Everyone has their least
favorite thing to do. For some, itís having a sadistic dentist drill
into their gums. For others, itís having their fingernails pulled off,
one by one.
For me, itís having to meet with my
insurance agent to renew our company health plan.
There is something about health
insurance that really bothers me.
Only when I dig down deep into my soul
do I realize my pain is caused by the fact I am paying exorbitant sums and
getting practically nothing in return.
Every year the scenario is repeated. I get a
call from my insurance agent, Wendy, who cheerfully tells me the annual
increase is only going to be (check one)Ö15%Ö25%Ö.35%Ö45%.
This year was the worst of all. The
increase was "only" 15% so immediately I knew once again that we
had failed to submit many claims.
I had paid about $36,000 in health insurance
premiums for the year. I asked Wendy to find out exactly how much the
insurance company had paid out in claims from my employees.
"I already checked," she
said, sheepishly. "They wouldnít tell me."
"What do you mean they wouldnít
tell you," I cried.
"What does that mean?"
"Well, usually it means your
claims were so low they donít want you to know how much money they made
on your account."
I did a quick estimate, checking with a
few employees on their usage of the plan. My best guess was our claims
totaled less than $5,000 for the year.
"Thatís it," I said for the
thousandth time. "Iím going to self-insure."
The thought is so pleasant. Iíve been
in business 12 years and have paid, say, $250,000 to health insurance
companies. Total claims might have been, conservatively speaking, $50,000,
leaving me $200,000 in the bank to take care of sick or injured employees.
With interest and continual annual
contributions, the fund would grow and grow and grow and I could take care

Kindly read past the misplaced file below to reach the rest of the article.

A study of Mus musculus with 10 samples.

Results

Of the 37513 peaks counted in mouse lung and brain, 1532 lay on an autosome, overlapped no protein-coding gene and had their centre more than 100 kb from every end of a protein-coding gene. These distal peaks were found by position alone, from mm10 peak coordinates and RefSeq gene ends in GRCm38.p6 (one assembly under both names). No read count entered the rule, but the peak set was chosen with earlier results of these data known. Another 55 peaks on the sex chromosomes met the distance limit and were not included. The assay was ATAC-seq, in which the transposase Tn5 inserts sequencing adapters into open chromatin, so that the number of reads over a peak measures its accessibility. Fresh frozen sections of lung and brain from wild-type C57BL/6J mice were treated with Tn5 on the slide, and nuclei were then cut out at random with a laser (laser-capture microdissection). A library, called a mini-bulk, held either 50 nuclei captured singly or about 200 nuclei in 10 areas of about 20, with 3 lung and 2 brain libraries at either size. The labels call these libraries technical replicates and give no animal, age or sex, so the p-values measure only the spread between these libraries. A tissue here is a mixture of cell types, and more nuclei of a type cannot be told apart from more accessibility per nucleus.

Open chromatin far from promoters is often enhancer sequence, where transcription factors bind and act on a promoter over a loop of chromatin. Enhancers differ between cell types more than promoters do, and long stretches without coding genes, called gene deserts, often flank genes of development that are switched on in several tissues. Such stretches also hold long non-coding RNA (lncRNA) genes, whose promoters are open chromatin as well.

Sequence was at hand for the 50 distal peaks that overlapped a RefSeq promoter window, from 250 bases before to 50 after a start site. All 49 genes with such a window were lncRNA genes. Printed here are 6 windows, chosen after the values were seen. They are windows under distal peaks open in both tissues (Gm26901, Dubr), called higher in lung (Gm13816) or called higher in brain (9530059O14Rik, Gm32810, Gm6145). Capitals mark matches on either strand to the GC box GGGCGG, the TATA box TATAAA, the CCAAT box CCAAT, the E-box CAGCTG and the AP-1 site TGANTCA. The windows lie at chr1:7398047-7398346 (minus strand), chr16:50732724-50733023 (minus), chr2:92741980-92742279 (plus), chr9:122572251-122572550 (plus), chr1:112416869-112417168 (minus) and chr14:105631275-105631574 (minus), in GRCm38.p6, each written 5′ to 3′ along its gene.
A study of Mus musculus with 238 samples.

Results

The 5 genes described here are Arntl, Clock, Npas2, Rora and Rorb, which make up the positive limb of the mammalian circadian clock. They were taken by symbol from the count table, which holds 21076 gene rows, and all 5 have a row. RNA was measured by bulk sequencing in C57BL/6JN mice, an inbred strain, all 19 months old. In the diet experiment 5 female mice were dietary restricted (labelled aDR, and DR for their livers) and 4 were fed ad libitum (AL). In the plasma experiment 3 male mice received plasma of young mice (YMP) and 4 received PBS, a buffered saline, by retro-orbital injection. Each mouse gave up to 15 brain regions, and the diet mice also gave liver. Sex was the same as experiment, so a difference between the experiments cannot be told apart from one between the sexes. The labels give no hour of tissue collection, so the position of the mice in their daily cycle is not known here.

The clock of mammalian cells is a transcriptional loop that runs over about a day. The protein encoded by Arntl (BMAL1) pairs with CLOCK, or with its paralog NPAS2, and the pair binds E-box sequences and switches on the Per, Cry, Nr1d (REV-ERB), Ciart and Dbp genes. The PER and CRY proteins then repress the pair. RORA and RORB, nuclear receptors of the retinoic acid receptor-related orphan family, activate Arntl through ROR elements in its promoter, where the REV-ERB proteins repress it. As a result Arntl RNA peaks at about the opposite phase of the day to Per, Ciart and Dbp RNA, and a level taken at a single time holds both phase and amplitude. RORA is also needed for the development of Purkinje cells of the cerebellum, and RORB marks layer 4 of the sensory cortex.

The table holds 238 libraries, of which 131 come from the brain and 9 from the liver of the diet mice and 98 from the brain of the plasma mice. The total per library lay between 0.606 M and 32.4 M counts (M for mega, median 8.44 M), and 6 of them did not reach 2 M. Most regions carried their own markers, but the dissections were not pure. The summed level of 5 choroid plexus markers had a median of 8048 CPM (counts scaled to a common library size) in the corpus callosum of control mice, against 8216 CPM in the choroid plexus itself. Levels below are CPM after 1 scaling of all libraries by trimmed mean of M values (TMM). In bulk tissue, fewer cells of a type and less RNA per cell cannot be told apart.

of all employeeís medical costs, with no deductible. The fund, once it
grew to exorbitant levels, could also cover child care expenses and maybe
even some dental work. It wouldnít be for me, it would be for the
"Thatís a wonderful idea,"
said Wendy, who had heard it all before. "But all you need is one
major illness or injury and youíre bankrupt."
See, thatís why I hate health
insurance so much. Logic takes a back seat to chance.
"Iíve got some options,
though," continued Wendy. "There are companies out there that
allow you to partially self-insure, meaning theyíll reduce your premium
if you have a good year but youíre still protected if you have a bad
Now we were talking. I asked her to get
me some quotes from this company and let me know my monumental savings.
Maybe I could still start my "employee fund" with the money
She returned with the new quote a few
days later. If we had a "great" year with practically no claims,
I would save about $5,000 from our present plan. If we had a
"bad" year, meaning if someone actually got sick, it would cost
much more than our present plan.
I sighed my most impressive sigh of
resignation. As I do every year, I surrendered to the forces of the
In the end, I stayed with our present
plan, including its 15% increase. There was no other feasible way. Plans
that would only cover major medical at a fraction of the cost of full
plans simply donít exist.
Thatís not entirely true. They do
exist, but they are not a fraction of the cost. It seems the insurance
companies are every bit as worried as I am about one of my employees
having a catastrophic illness or injury.
I could self-insure the minor healthcare
costs, such as doctorís office visits, physical exams, prescriptions and
even "well-baby" maternity care, but the savings would be
minimal. Itís the Big One that everyoneís worried about, and thereís
no getting around it.
"You carry fire insurance, donít
you?" asked Wendy, sensing my unhappiness.
"Of course. Why?"
She shrugged. "Thatís no
different. You pay to protect yourself from the unthinkable."
I ignored her. Trying to cheer myself
up, I was thinking of my appointment that same afternoon to have my
fingernails torn off, one by one, while my sadistic dentist performed a
root canal with a Black and Decker drill.